For many years, families were in the dark about Trisomy 18 and what it meant for their child when learning of the diagnosis for the first time in pregnancy or shortly after birth, but we’ve worked tirelessly to answer their questions and companion them on this difficult journey. Today we are the leading resource for accurate, balanced and up-to-date information for newly-diagnosed patients and their families, as well as health professionals and researchers. If you or someone you love is impacted by a diagnosis of Trisomy 18 or a related disorder, we offer easy-to-understand materials to help you on your medical journey. If you are a doctor or other healthcare provider, we have resources for your office, patient education tools and up-to-date management overviews. If you are a researcher, we offer vehicles to help you to advance knowledge on Trisomy 18 and related disorders on a cellular level that could translate to treatments improving survival in the first year of life and preventing the meiotic errors causing Trisomy 18. Please explore the links below to learn more about our resources.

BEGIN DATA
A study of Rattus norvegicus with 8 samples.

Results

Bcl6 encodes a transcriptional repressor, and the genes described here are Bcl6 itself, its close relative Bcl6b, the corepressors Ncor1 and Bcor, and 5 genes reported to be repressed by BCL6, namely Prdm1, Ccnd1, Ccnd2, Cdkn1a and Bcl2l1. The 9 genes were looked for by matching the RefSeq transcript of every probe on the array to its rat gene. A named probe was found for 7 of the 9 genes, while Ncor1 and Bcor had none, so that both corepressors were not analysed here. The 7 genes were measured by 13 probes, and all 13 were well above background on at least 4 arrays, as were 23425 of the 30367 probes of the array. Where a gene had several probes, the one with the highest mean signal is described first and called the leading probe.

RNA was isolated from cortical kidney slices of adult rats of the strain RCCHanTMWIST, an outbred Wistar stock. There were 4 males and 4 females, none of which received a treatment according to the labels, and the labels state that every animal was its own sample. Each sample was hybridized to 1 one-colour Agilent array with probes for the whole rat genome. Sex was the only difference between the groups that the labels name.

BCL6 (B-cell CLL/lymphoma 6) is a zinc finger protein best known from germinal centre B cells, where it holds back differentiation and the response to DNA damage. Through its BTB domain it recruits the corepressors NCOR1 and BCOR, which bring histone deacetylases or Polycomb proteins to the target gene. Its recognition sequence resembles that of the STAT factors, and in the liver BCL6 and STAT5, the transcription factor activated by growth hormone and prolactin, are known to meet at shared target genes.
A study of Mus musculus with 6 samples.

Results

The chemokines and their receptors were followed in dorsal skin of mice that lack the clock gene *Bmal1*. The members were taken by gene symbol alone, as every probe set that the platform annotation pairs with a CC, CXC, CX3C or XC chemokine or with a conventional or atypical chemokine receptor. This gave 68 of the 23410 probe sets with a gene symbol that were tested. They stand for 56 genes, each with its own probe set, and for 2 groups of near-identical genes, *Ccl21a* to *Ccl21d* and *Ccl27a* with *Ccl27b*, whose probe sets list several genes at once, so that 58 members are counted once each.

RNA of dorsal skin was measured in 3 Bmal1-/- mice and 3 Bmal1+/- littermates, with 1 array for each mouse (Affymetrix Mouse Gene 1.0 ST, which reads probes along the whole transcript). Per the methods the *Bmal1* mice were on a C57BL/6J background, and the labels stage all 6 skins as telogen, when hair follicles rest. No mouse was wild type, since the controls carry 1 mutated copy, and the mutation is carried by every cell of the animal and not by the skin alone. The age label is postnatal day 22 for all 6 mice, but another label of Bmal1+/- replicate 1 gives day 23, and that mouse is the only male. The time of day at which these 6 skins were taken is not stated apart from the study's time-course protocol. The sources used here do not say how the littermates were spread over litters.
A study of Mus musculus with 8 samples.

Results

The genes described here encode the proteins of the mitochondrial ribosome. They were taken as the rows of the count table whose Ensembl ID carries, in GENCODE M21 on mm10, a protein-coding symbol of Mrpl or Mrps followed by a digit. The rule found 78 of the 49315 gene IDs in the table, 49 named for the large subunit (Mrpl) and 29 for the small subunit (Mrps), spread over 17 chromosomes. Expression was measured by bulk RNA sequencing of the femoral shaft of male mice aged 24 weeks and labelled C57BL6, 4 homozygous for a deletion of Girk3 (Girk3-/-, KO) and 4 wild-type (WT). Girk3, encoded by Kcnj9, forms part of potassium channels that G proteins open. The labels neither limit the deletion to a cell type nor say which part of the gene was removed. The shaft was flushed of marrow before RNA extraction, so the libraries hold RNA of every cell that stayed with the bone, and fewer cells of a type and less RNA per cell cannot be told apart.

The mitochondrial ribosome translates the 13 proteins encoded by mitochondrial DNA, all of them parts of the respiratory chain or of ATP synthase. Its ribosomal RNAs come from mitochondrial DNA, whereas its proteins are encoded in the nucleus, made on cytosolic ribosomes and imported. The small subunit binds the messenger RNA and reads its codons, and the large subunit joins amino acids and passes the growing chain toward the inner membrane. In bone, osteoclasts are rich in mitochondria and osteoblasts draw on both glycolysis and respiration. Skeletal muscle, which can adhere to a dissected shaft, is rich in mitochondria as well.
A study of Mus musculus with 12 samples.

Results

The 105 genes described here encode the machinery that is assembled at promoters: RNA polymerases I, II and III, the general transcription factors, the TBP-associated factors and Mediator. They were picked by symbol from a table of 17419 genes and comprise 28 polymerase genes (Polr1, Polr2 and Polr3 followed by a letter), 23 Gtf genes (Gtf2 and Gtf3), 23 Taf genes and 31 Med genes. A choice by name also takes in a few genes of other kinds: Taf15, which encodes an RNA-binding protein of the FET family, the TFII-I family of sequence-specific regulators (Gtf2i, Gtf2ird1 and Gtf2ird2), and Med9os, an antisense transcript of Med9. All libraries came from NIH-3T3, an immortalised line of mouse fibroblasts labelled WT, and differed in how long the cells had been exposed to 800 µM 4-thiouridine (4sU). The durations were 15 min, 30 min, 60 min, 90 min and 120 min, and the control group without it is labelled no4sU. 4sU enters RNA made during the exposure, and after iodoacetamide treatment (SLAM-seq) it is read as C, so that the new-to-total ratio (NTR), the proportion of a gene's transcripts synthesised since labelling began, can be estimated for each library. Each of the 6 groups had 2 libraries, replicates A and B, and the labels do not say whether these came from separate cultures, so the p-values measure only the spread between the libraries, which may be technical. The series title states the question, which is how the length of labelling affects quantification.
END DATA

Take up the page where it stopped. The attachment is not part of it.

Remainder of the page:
For Parents and Family
If you or your family has recently learned of a Trisomy 18 diagnosis for a much-wanted infant or are facing new challenges, you have many, many questions. We have resources and answers to help you in your medical journey and to connect you with other families in our community who have faced these same challenges.
For Health Professionals
We offer patient education tools and treatment guidelines, especially for doctors who don’t see a lot of pregnancies or patients with Trisomy 18 syndrome and related disorders. In addition, we provide patient-centered resources to complement your relation-based medical services and help keep you connected to the most up-to-date clinical research in this fast changing area of patient care.
Your research is critical to creating a brighter future for expectant mothers and fathers and for their babies impacted by Trisomy 18 and related disorders. We are here as a resource for you, whether you are a basic or clinical scientist conducting research to reduce the life-threatening and quality of life challenges facing patients impacted by Trisomy 18 syndrome and related disorders.